Screen’s Secret Sauce

Posted on by Dave Erlandson | No Comments »

As inkjet now drives the digital printing industry there have been a few pioneers who have been leading the charge.  And one of them has been Screen.

Screen began their journey into high speed continuous form printing in mid 2000’s by building presses for IBM (later acquired by Ricoh).  Presses were sold by Ricoh under the InfoPrint brand to the transactional print market and by Screen under the Truepress 520 brand to direct mailers. To date Screen has built and delivered over 800 print engines.

The first models (designated as S) were designed for low coverage, low image quality applications on uncoated stock. This meant bills, statements, and direct mail letters.  This line up was expanded to include an EX model with color and mono options and then to the ZZ model which delivers even higher speeds.

At Print 17 Screen announced the NX model which Mark Schlimme, Director of Marketing for Screen labeled as a crossover press because it has the speed for transactional print but higher quality enabling more direct mail applications.  It also has the capability to run MICR and infrared security inks. This press utilizes the Ricoh’s inkjet technology also found in the RICOH Pro VC 40000. While this press can output higher quality than the S and EX models it is still meant for uncoated or inkjet coated stock.

The press that is targeting offset quality and coated offset stock is the SCREEN Truepress Jet520HD. This press delivers 1200 dpi and is being used in high quality commercial printing applications.  One customer has installed 4 HD presses.

Screen HD

According to Mark the secret sauce is the ink. With their heritage in color scanners, screening, dot etching for CTP and color management it makes sense that Screen is really focused on ink control.  Their goal is to use the least amount of ink and still deliver offset-like quality on standard offset stocks.

Screen SC Inks

While the SCREEN Truepress Jet520HD press uses the same Ricoh inkjet head technology found in the RICOH Pro VC60000 press, Screen has developed their own set of inks called SC Inks. This ink has a unique absorption technology that eliminates the preprocessing usually required for the surface of offset coated papers. With SC Inks customers can print directly on standard offset stocks and preserve the texture.  There is no need to jet primer and deal with excessive drying, heat and energy consumption. And with treated inkjet papers garnering a 20-30% premium the ability to run standard offset stock makes a huge impact on the bottom line.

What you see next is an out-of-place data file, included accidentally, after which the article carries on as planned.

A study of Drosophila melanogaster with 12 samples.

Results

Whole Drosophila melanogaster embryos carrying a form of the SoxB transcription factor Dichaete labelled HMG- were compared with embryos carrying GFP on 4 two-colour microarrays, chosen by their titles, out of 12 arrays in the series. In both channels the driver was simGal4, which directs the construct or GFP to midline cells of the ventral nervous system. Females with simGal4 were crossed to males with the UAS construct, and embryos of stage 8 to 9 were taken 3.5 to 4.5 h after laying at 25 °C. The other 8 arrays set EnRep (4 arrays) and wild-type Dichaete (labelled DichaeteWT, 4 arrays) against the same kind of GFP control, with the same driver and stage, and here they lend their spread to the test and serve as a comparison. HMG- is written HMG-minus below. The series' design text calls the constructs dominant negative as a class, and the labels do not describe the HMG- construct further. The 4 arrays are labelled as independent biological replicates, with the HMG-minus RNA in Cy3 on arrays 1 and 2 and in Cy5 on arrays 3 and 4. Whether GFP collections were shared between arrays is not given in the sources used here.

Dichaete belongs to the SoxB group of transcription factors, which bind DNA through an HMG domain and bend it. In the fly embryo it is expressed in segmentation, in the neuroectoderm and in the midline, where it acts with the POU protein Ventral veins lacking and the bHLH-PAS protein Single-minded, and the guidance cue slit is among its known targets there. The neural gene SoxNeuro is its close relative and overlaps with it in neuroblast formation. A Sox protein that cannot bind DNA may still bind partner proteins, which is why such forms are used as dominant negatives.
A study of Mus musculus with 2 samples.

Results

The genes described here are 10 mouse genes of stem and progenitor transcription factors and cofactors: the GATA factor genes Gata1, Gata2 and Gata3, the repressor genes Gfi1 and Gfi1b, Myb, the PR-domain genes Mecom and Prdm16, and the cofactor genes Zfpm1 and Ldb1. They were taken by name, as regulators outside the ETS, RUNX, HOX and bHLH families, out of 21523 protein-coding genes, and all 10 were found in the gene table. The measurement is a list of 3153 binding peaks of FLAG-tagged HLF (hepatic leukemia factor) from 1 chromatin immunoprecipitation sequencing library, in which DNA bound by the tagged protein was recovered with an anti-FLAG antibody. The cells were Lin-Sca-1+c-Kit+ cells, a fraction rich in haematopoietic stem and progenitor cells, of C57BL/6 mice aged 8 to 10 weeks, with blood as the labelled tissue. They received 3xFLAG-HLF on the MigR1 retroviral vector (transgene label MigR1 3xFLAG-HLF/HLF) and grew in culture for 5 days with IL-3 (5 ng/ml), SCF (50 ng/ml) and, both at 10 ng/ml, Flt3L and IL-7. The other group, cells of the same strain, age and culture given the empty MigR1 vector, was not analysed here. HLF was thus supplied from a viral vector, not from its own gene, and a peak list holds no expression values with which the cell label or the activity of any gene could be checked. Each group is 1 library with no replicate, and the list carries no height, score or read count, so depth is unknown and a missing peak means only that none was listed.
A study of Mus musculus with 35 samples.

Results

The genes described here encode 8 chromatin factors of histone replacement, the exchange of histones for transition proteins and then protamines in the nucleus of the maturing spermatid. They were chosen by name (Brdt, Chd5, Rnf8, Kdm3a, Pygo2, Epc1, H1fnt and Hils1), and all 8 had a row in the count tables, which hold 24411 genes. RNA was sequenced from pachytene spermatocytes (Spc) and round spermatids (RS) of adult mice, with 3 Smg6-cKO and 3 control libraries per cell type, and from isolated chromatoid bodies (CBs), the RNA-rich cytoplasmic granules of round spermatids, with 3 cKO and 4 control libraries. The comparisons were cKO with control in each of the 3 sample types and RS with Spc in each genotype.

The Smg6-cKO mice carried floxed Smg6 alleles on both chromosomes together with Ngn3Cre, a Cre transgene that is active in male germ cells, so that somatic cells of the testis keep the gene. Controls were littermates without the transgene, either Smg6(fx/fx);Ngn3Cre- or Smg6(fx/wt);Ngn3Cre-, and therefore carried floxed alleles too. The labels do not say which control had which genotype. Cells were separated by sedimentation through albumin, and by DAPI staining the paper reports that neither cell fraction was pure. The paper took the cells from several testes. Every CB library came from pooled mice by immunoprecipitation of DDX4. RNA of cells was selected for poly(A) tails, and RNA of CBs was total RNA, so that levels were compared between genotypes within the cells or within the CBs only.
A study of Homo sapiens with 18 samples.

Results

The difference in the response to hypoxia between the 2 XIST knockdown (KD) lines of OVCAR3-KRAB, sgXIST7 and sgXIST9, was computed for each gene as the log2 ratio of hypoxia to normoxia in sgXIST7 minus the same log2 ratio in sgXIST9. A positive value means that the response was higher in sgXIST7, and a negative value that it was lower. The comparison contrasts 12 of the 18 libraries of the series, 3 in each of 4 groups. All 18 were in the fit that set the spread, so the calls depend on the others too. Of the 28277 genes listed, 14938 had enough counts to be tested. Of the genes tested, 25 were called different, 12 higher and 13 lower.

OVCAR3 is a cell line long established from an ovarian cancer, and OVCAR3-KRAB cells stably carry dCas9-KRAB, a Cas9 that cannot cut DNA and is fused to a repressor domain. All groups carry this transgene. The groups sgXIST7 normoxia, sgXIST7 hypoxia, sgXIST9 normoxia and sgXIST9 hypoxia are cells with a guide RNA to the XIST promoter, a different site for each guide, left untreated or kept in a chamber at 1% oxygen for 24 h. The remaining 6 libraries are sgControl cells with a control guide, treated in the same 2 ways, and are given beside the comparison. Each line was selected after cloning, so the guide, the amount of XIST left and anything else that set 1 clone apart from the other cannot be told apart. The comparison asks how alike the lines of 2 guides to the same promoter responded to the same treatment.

Printing directly to the paper opens up a range of new possibilities and new markets for inkjet printing including commercial print, catalogues, magazines and high end books. One of the largest direct marketing agencies in the US is Epsilon and they print a variety of direct mail and loyalty applications for many industries including automotive, insurance and telecom. For their high volume variable applications they have been able to replace cutsheet toner output with output from the SCREEN Truepress Jet520HD press. Their customers who are very particular about brand colors are very satisfied with the image quality.

In addition to quality the press offers productivity and reliability. A 1.2 million piece self-mailer program that used to take 7-10 days production across multiple cutsheet toner presses now takes just 4 days. Equally impressive has been the uptime of the press. Epsilon reported that in the first 1041 hours of operation they had only 16 hours (1.6%) of unplanned downtime.

With the products like the SCREEN Truepress Jet520HD that  offer offset-like quality on standard offset coated stocks digital color inkjet printing is poised to enter the next phase of growth in which we will see another round of offset transfer.